Young NASCAR stars primed to make noise at the ROAR Before the 24


Harrison Burton looks on while he walks down pit road.
Sean Gardner
Getty Images

DAYTONA BEACH, Fla. – Ben Rhodes smiled recounting his time on pit road Friday morning, picking up a cap he mistakenly left in his pit stall during the IMSA Michelin Pilot Challenge early practice at Daytona International Speedway.

“The next group of cars had already rolled down the track and a team was there and they were speaking a whole other language,” the 2021 NASCAR Craftsman Truck Series champion said smiling. “I didn’t know what they were talking about or what was being said. I just got my hat.

“Certainly, there’s an international feel here. And I’m always a fan of getting out of the comfort zone, We run trucks 23 times a year and whenever I can do something different I’m going to jump at the opportunity.”

That’s certainly the vibe at Daytona this week for the ROAR Before the 24 practice and qualifying sessions on the 3.56-mile road course in preparation for next weekend’s famous Rolex 24 race week.


It was the only transporter in the garage with eager fans hanging outside hoping for some interaction.

Rhodes and Deegan will drive the No. 41 PF Racing Ford Mustang GT4 and Smith and Burton will pilot the No. 42 Ford Mustang GT4 in the 31-car Grand Sport class of the four-hour IMSA Michelin Pilot Challenge race next Friday afternoon.

In opening practice Friday, Burton and Smith were fifth fastest overall. Rhodes and Deegan were 23rd quickest, opting to make some big changes to their Mustang before the second practice later in the day.

While all these young NASCAR stars concede there is work to be done before next weekend’s race, they were clearly enjoying themselves. And there were absolutely motivated to win the race, despite their relative inexperience competing in this series. And there’s even a little extra incentive with Ford CEO Jim Farley trackside. He’s competing in the VP Challenge event as part of the Rolex race week too.

“I want to win, I’m here to win,” the 25-year-old Rhodes said. “But we’ve got to help each other out.”

Next weekend’s season-opening race will be the first IMSA competition for Smith, 23, who drives the No. 38 Ford F-150 for Front Row Motorsports in the Craftsman Truck Series. He knows there’s a lot to learn, but he’s enjoying the process.

“They put the offer out a few months ago and when you get an opportunity to race something different it’s always a fun time, especially for anything Ford Performance is involved in,” said Smith, who won at the Circuit of The Americas road course in last year’s Truck Series race there.

“It’s been fun so far. The Ford Mustang was way different than anything I’ve ever driven. It does pretty much whatever you want it to do. Once the grip started going away, it felt more like home for us,” he added with a grin. “And anytime you have the opportunity to race at Daytona, and on a road course especially, is a good time. “

Burton, 22, will be making his second consecutive Michelin Pilot Challenge start on the Daytona road course. He and fellow Cup Series driver Austin Cindric finished ninth overall last year. Cindric is competing in the LMP2 class of the Rolex 24 next week for NASCAR team owner Rick Ware Racing’s team.

“I felt a lot more comfortable this time than I did last time,” said Burton, driver of the No. 21 Wood Brothers Ford in the Cup Series. “Last time I had no information to go off of. I just kind of showed up and saw what happens. Going from that to this, where I ran a race and have notes to go over makes it a lot easier.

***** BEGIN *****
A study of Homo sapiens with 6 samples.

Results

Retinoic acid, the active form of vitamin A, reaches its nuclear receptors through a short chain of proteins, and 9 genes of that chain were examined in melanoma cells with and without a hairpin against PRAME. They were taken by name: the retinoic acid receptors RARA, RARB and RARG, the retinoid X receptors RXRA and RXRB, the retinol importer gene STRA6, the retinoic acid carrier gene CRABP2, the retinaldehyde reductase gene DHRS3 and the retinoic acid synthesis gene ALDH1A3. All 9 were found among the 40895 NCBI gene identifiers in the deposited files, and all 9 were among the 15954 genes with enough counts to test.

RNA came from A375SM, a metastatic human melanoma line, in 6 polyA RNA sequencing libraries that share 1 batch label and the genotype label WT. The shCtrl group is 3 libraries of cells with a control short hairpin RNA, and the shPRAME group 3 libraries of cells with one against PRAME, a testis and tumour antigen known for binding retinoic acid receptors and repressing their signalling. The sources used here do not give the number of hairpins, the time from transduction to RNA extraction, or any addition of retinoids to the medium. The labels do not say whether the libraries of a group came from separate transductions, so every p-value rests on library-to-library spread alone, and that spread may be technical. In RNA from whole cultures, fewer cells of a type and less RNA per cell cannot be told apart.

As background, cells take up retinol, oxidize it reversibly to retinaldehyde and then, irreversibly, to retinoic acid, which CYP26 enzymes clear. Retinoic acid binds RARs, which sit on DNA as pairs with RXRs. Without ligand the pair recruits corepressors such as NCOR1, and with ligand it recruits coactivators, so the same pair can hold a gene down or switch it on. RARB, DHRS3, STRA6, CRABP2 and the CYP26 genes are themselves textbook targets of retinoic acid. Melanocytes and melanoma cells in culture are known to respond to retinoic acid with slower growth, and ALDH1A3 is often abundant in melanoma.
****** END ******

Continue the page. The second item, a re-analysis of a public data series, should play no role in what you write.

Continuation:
“You show up, you know your marks, you know what you have to do and then it’s just about the car instead of finding the limits of each area. You find what you need to work on with the car, what you need to work on for yourself instead of just painting with a broad brush. You kind of fine-tune a lot quicker.”

Deegan, driver of the No. 13 ThorSpot Racing Ford in 2023, smiled at the suggestion she is the “veteran” of the group. This will be her third start in the Daytona Michelin Pilot Challenge race. She finished 24th last year co-driving with Cup Series driver Chase Briscoe.

DAYTONA BEACH, FLORIDA - FEBRUARY 17: Hailie Deegan, driver of the #1 Monster Energy Ford, prepares to practice for the NASCAR Camping World Truck Series NextEra Energy 250 at Daytona International Speedway on February 17, 2022 in Daytona Beach, Florida. (Photo by Chris Graythen/Getty Images)
Chris Graythen | Getty Images

“I feel like I have a little experience in these cars but also this type of racing is so new to me also,” Deegan, 21, said. “I feel like I’m still learning a lot, learning constantly. Taking information in, trying to get better and every year the car is a little bit different and you have to feel the changes with that and how you can push the car and how you can’t.

“But it’s fun and I enjoy it and really love this stuff. I feel like you can drive the hell out of these cars and they react pretty good to it.”

This year gives Deegan a good chance to “bond” with Rhodes. She moves to Rhodes’ ThorSport Racing team this year and will drive the No. 13 Ford in the Craftsman Truck Series.


The quartet is getting driver advice from veteran sports car champion Joey Hand and by the final practice session later Friday afternoon, Burton and Smith topped the speed chart and the Rhodes and Deegan car was fifth fastest. There are three more practices over the weekend.

“It’s definitely way different than what we’re used to just with the amount of cars and how different they are,” Smith noted of his new experience. “I grew up watching the ROLEX races and all of this, so it’s pretty cool to be a part of it this year.

“I never thought this day would come. I never saw it in my future, really, especially when I was just trying to make it in NASCAR. It’s cool how the racing world is really all one at the end of the day.”